During this time of uncertainty caused by the COVID-19 pandemic, the term “Outdoor Classroom” has been resurrected. The research clearly shows that being outside in the fresh air is the best place for people to gather, while still maintaining a social distance and wearing masks.
The Outdoor Classroom is not a new idea or concept. When Tuberculosis and the Spanish Flu struck a century ago, schools went outside. Open-air classrooms quickly spread around the world. In the United States, the leading health expert at the time, Adolphus Knopf, the founder of the National Tuberculosis Association said, “Every school must have a large playground, classroom ventilation, and school rooms were to be washed daily, and a judicious curriculum was to include as much outdoor time as possible.” Sound familiar?
While a vaccine is on the way, and we may start seeing things get back to normal soon, Outdoor Classrooms have always been a part of the Stepping Stone School curriculum. The children of Stepping Stone School spend a great deal of time outside as long as the weather cooperates. While in the United States, the local Child Care Licensing standards dictate when it is too hot or cold for children to be outside, Scandinavian countries have Udeskoles (meaning outdoor schools) and Finland has Forest Schools where children are outside no matter what the weather is like.
In Scandinavian countries, the term for living close to nature is Friluftsliv. Living close to nature can encompass anything from hiking, to berry picking and fishing, or be as simple as going for a nature walk or bike ride near your home. Frilusftsliv is simply a chance to get outside and enjoy nature – winter or summer, day or night, rain or shine, mud, sleet, or snow. Scandinavian children enjoy more unstructured outdoor playtime – the average preschooler in Stockholm spends six hours outside each day in good weather and an impressive 90 minutes in winter.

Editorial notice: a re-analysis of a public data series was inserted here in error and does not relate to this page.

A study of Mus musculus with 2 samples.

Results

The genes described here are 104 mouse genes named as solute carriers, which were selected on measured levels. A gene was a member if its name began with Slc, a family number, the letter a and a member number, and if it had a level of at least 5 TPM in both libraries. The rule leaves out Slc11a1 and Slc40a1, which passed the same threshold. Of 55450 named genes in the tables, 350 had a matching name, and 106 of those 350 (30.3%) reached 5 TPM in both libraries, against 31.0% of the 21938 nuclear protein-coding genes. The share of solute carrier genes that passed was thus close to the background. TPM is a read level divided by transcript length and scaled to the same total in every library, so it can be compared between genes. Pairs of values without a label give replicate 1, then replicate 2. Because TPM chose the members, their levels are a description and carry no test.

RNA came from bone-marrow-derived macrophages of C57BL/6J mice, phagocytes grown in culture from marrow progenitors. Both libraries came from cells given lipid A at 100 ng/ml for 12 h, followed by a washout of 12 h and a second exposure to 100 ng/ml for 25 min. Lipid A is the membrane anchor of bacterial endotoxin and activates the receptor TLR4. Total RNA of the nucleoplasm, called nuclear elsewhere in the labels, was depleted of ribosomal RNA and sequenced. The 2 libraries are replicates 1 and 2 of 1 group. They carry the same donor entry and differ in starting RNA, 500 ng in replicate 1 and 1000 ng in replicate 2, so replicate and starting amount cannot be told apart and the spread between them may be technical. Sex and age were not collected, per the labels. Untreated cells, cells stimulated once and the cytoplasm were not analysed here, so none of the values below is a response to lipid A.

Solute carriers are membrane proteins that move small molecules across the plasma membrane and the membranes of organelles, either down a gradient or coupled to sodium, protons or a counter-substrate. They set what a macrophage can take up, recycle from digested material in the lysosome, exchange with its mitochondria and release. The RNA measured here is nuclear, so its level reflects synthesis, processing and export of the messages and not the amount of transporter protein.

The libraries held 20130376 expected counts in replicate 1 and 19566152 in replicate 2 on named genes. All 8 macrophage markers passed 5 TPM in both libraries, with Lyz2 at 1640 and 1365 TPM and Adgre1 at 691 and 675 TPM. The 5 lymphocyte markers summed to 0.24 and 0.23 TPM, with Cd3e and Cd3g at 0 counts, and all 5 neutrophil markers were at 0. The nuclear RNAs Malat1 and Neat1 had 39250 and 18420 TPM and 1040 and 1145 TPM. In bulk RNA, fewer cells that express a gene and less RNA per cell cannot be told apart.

One of the best things about nature, is it is ALWAYS OPEN! Getting outside is one of the best ways for your family to boost its resilience. Spending too much time indoors reduces your Vitamin D level. John de Pluma, MD, a board-certified internist and proponent of nature therapy points to research suggesting an association between visiting forests and improving immune responses. Scientific evidence does associate Vitamin N (N for nature) with reduced stress, better mental and physical health and greater cognitive functioning. Connecting with animals (wild and domestic) may also offset the downside of social distancing.
The following are some ways to bring your family back to nature:
- Pick a Sit Spot, Children and adults should find a special place in nature, whether it is under a tree at the end of the yard, a hidden bend of a creek, or a rooftop garden. Get to know it by day and night. In cool and warm weather, during rain or snow. Doing so can reduce your sense of isolation. Building a fort, den or tree house can help children with problem solving, creativity, planning and a sense of security and place.
- Set up a World Watching Window, If your family is lucky enough to live where stars are visible, stargaze in the evening or very early morning. Locate a few key constellations with your children and orient to those. Other world watching window activities can include cloud spotting, bird-watching, taking nature photos and recording the sounds of birds and other creatures.
- Take a hike or do other exercises outdoors, You can take walks in your neighborhood, parks or forests. Games can help you keep your child’s attention. A game called “Walk this way” involves imitating different animals along the way. Bring toys or props that will make it more fun, like hats, binoculars and walking sticks. Walkie-Talkies are also a big hit. Encourage children to take turns as the “hike leader,” walking in front and setting the pace. You can also play “find ten critters” on longer hikes. This includes discovering footprints or other signs of an animal passing through.
- Got dirt? Set aside a piece of ground in the backyard for children to dig in. Research suggests that children strengthen their immune systems by playing in dirt – and weaken those systems by avoiding dirt.
Although the many benefits of being in nature have been researched, children are spending less time outdoors than ever. Being outside in unstructured environments has numerous cognitive benefits. It is common for children to have trouble focusing in the modern world with all the stimuli from media, and technology, as well as having to sit still for long periods of time. These issues are particularly heightened with so many schools being closed or only offering virtual learning.
Schools like Stepping Stone School, which utilize the outdoors as a continuation of our indoor classrooms have reported higher student gains in academic subjects such as mathematics and language arts. Use the Pandemic as a way to create new family routines, health practices and play!